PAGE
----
More than 35 Palestinians ended a 13-day hunger strike to demand U.N. observers in the occupied territories, charging their cause had been undermined by the United States.On Thursday, the United States vetoed a U.N. Security Council proposal to send a three-member team to the territories to devise measures to protect the Palestinian population. The 14 other council members voted in favor the resolution put forward by Arab states.

"What the United States did yesterday in the Security Council, it was a shock, a slap to all those people who believe in peace in this area," said Faisal Husseini, the prominent pro-PLO activist in the territories.

Israel reacted favorably to the U.S. action. Foreign Minister Moshe Arens in an interview with Israel Radio criticized the Western European nations for taking a position contrary to Israel's.

"Nevertheless, I think we can all be pleased that at the U.N. Security Council, the United States vetoed the resolution that was presented," he said.

Husseini told a crowded news conference in an East Jerusalem hotel that the U.S. action had put another obstacle in the way of the peace process.

"Instead of helping the people here under occupation, to protect the people here under occupation, they simply stopped the whole peace process," he said.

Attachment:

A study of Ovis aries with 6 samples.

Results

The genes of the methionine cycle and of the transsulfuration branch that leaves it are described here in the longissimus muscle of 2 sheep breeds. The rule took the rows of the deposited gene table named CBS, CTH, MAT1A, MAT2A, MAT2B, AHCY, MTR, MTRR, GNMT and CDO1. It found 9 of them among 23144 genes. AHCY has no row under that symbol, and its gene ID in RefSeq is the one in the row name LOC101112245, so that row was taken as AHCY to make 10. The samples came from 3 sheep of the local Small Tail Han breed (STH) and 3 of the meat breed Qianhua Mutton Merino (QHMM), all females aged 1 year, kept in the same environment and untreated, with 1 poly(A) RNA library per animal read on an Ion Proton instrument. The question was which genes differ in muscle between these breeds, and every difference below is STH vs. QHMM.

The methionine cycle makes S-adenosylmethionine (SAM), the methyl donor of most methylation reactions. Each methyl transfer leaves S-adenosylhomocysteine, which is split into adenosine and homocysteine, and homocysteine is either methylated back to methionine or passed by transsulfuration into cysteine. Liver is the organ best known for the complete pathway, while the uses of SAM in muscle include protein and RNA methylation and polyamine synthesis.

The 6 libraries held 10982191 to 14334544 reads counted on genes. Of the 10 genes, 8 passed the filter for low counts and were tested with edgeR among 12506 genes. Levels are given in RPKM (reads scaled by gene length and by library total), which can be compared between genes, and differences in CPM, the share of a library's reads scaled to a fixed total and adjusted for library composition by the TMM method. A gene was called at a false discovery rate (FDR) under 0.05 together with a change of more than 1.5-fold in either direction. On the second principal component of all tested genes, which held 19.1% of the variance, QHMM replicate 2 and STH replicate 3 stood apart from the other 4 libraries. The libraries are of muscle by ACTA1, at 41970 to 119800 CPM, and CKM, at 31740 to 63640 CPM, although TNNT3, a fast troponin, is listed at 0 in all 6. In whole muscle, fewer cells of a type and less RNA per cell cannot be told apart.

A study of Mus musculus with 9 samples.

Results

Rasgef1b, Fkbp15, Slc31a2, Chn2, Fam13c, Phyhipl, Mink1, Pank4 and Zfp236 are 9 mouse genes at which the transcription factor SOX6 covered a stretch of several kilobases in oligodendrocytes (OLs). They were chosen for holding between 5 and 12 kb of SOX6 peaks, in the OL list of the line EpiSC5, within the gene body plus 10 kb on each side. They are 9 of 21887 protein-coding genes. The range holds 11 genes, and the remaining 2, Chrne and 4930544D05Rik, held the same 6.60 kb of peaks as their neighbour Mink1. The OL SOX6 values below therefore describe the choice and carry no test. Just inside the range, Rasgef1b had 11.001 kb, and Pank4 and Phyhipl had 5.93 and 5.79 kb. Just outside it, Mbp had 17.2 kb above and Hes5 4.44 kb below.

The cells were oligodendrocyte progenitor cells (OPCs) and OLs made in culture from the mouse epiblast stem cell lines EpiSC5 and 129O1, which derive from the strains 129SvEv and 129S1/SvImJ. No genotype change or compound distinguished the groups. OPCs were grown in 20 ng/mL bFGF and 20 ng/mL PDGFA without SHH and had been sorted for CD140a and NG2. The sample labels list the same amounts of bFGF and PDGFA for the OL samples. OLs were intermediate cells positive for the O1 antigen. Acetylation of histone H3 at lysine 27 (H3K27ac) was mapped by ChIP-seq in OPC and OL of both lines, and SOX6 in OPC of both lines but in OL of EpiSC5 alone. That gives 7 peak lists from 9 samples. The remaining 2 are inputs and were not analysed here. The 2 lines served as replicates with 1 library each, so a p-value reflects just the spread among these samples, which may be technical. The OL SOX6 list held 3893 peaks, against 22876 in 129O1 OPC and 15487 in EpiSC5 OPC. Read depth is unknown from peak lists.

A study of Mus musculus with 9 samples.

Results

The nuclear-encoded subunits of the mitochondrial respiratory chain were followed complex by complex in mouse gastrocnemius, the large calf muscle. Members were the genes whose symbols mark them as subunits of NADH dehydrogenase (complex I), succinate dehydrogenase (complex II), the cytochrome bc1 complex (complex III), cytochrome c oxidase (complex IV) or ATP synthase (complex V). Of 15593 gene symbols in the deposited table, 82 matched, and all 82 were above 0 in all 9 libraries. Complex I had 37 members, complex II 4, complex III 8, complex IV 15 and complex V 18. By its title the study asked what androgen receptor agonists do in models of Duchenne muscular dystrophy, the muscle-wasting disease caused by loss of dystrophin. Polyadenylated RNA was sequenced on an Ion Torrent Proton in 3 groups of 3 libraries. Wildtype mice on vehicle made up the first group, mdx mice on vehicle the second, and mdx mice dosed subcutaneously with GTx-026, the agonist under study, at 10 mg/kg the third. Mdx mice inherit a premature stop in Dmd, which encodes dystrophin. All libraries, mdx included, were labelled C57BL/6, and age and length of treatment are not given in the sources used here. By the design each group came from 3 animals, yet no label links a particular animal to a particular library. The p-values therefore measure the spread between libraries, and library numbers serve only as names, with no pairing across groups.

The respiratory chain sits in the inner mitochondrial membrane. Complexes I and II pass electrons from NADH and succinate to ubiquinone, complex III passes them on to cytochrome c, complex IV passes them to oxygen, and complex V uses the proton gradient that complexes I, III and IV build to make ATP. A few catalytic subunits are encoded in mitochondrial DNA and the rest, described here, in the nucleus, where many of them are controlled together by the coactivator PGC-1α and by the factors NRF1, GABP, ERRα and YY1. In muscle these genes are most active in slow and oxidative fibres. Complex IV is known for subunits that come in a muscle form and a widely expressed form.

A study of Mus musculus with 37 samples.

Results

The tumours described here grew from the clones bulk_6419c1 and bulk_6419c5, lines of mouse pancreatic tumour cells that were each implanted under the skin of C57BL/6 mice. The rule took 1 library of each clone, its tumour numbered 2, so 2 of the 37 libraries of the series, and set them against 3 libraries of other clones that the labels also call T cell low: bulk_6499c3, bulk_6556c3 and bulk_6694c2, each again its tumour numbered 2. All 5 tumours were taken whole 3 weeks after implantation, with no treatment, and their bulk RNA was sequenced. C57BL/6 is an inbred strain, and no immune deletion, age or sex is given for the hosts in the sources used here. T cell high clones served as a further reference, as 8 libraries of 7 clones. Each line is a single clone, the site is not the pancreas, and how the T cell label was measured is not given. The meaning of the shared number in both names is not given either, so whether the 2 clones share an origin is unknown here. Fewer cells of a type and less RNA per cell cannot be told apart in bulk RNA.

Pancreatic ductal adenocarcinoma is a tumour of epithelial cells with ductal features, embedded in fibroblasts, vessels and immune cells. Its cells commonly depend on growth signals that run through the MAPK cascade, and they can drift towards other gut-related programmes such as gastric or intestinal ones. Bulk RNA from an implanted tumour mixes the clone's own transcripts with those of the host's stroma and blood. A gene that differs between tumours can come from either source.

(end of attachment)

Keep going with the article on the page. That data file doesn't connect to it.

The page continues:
U.N. diplomats said the U.S. veto reflected a toughening of the American position following the foiled attempt by Palestinian guerrillas to attack the Israeli coast Wednesday.

In a statement read at the news conference, the Palestinian activists announced they were severing contacts with U.S. officials.

"We declare our boycott, our refusal to conduct any official contacts with the American consulate, with any American representative and emissary, and our refusal to accept any invitations from the American consul," it said.

Meanwhile, sources close to the PLO said Friday that the United States officially asked the PLO to denounce the guerrilla raid and to expel factional leader Mohammed Abu Abbas.

The demand was made in a written note that U.S. Ambassador to Tunisia Robert Pelletreau delivered to PLO representative Hakam Balaoui in Tunis Thursday evening, said the sources.

Observers in Tunis said the PLO response, which could determine the future of U.S.-Palestinian contacts under way since 1988, was not likely for several days.

PLO leader Yasser Arafat denied Thursday any relationship between his Fatah faction of the PLO and Abbas' Palestinian Liberation Front, which claimed responsibility for the failed May 30 guerrilla raid.

Israeli forces killed four Palestinian guerrillas and captured 12 of a group that attempted to attack Israeli beaches in six speedboats Wednesday, Israeli officials said.